Smoking and surgery

If you are waiting for an operation then it's important to stop smoking because to stop smoking before surgery and general anaesthesia can reduce the risk of complications during and after surgery.  Why?  Because smokers are more likely to have anaesthesia complications and smoking can delay recovery and the healing process takes longer. 

This withdrawal of smoking cigarettes can be a source of much anxiety for the patient.  Hypnosis is an easy way to stop smoking before the surgical operation.  The need to stop smoking for surgical operations has been the motivating factor for some patients to give up smoking for good, not just for anaesthesia but for overall health after having experienced a wonderful sense of well-being.  To learn how to: stop smoking

According to researchers, patients who are able to quit smoking for 4 weeks prior to the operation are able to reduce the risk of complications.  For patients who have ceased smoking for 10 weeks or more have their risk reduced to almost the same as patients that have never smoked.  Even after 2 weeks there are benefits.

How to give up smoking cigarettes

If you live in or around the M3, Camberley, Surrey area and you want to give up smoking cigarettes, then call me. Enjoy your last cigarettes, come in for a session and leave as a non-smoker. It’s as easy as that. The cost of the 90 minute session is £180.

Need help to give up smoking cigarettes?

If you want to become a non-smoker now, and you need further information on how to give up smoking, or you want to book an appointment to quit smoking now - call  01276 65598.

Effect of smoking on surgical operations

There are multiple studies which show that smoking cigarettes cause independent risk factors for complications during and post surgery - ranging from cardiovascular performance, lung functioning and surgical wound healing.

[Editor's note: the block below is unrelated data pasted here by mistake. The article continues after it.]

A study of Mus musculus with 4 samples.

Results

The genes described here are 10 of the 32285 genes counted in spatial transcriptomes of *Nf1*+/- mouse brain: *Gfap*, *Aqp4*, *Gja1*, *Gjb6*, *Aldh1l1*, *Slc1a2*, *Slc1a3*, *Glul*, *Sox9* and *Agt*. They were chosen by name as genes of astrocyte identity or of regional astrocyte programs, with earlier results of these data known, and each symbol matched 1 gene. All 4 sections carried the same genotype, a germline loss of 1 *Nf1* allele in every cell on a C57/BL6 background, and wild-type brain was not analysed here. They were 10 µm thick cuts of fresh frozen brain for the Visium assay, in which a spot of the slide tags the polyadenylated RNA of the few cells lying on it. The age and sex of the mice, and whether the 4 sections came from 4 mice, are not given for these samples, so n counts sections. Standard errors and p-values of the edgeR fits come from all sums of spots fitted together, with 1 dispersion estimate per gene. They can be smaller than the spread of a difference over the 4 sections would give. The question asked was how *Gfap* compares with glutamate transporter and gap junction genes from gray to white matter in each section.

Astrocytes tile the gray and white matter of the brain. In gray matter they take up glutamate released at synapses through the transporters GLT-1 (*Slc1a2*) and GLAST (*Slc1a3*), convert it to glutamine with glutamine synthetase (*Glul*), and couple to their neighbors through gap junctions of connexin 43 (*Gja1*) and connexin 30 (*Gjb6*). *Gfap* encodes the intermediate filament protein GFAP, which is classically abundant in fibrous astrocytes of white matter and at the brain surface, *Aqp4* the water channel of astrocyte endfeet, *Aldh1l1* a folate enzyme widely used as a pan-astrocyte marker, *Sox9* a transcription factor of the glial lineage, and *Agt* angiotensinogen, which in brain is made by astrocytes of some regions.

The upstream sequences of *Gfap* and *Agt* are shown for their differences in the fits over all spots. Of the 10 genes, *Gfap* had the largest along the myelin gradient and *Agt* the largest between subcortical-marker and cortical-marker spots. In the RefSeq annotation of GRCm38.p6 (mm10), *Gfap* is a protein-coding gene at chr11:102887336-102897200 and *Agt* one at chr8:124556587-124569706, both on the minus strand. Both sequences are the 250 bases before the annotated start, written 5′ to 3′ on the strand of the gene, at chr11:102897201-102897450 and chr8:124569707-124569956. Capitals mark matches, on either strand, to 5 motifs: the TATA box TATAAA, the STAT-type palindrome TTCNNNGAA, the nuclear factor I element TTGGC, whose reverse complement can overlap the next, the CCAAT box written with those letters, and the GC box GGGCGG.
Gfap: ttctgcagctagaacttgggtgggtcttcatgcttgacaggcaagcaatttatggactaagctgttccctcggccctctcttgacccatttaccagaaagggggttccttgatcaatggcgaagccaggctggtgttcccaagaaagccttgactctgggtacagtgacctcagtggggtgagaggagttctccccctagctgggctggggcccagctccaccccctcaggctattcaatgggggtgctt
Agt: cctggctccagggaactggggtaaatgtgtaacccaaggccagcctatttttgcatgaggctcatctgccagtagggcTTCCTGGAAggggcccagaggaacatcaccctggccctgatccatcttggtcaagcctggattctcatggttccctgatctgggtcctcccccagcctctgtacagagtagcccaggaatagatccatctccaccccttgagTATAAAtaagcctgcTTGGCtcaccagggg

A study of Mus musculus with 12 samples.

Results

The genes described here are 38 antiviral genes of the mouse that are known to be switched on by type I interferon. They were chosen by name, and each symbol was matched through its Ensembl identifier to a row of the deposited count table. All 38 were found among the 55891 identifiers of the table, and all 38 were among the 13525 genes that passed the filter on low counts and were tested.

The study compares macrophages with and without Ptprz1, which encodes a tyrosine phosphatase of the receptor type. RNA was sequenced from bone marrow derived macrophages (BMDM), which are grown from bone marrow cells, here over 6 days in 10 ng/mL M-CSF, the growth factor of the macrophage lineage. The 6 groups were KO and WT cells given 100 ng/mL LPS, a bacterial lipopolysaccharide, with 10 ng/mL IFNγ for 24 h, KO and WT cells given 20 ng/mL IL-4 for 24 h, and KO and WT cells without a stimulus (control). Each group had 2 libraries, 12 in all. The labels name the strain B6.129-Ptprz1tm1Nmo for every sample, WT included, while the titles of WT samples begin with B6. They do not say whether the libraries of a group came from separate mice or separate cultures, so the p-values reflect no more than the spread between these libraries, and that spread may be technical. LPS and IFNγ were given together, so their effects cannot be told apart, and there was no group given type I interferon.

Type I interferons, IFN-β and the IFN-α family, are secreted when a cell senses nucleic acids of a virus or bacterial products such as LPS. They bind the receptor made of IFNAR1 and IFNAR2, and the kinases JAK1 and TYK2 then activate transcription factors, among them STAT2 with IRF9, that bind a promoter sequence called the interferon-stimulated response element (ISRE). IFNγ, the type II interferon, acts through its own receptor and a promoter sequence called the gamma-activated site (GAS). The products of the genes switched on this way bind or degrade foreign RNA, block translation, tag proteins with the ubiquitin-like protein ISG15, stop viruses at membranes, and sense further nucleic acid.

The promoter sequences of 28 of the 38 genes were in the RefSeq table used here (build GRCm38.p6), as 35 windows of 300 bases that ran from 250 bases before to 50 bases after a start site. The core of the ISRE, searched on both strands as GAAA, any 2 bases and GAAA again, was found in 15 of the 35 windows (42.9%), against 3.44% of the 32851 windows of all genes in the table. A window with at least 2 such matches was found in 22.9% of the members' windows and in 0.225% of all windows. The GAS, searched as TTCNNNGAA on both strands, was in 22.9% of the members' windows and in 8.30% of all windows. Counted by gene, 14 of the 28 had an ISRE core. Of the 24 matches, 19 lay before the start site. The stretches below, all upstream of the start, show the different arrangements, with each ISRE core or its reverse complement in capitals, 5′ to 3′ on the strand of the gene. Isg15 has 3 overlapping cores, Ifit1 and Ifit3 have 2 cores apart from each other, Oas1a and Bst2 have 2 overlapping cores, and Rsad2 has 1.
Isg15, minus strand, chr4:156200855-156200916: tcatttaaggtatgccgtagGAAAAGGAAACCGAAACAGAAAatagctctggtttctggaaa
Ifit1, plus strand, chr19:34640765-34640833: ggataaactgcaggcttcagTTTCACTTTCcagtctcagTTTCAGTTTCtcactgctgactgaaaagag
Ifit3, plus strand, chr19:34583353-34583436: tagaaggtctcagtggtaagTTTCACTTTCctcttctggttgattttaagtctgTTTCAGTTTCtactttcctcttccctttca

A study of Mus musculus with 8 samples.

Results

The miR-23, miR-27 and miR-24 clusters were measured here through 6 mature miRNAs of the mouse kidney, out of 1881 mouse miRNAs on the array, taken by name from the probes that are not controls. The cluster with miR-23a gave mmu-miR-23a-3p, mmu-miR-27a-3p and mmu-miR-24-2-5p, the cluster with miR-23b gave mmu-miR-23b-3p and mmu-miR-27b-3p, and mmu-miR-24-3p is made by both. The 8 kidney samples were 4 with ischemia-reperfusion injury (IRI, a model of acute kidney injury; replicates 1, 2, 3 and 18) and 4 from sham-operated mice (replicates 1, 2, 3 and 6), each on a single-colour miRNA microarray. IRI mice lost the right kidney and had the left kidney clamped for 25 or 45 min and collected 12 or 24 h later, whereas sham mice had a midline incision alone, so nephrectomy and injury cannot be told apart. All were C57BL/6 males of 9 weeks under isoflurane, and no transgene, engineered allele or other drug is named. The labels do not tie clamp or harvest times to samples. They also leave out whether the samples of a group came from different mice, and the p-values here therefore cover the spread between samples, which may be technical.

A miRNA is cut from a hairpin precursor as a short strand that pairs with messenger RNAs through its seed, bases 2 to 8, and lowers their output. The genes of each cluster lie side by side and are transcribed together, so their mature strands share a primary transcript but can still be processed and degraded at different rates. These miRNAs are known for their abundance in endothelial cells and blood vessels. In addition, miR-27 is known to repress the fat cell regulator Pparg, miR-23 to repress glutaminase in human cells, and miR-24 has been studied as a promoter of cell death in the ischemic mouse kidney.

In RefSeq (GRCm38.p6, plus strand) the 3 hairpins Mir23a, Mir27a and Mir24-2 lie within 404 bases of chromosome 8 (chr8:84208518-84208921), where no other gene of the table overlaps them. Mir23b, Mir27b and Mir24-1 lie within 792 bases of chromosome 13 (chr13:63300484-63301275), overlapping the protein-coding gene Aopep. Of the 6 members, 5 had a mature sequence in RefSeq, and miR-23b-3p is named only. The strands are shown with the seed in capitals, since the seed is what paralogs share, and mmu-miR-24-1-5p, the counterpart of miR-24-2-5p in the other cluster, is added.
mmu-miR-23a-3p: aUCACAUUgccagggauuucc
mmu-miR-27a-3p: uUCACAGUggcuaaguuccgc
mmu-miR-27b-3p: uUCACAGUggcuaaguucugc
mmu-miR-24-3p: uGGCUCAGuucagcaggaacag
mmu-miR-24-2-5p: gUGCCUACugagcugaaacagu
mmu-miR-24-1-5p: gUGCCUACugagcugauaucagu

1.  Smoking increases the amount of carbon monoxide in the body.  The carbon monoxide attaches itself to the haemoglobin in the blood and thereby reduces the amount of oxygen needed.  This has an overall effect of a decreased supply of oxygen which is needed for the cells to heal.

2.  As the body has a reduced supply of oxygen caused by the carbon monoxide, the heart is having to work harder than necessary to compensate for the shortage of oxygen.

3.  The nicotine increases the heartbeat rate and blood pressure.

4.  Smoking also affects the lung performance.  When the tobacco smoke condenses it forms tiny particles of tar.  Tar is then deposited in the lungs and respiratory system and is gradually absorbed.  A smoker would have more mucus in the lungs and the small airways in the lungs become narrower and more prone to collapsing.

Overall the oxygen supply to the body is compromised whilst at the same time the body is being stimulated to demand more oxygen:

  • Smoking reduces the blood flow to the cell
  • Smoking reduces the ability of haemoglobin to move oxygen
  • Smoking reduces the amount of oxygen released to the cells.
  • Smoking causes the heart to work harder to compensate for the oxygen shortages.

After surgery recovery is significantly better for patients who had never smoked and those who stopped smoking than for smokers.

 

The use of nicotine gum and patches are no help around the time of surgery.  The nicotine products can interfere with the healing process in the same way as nicotine in cigarettes.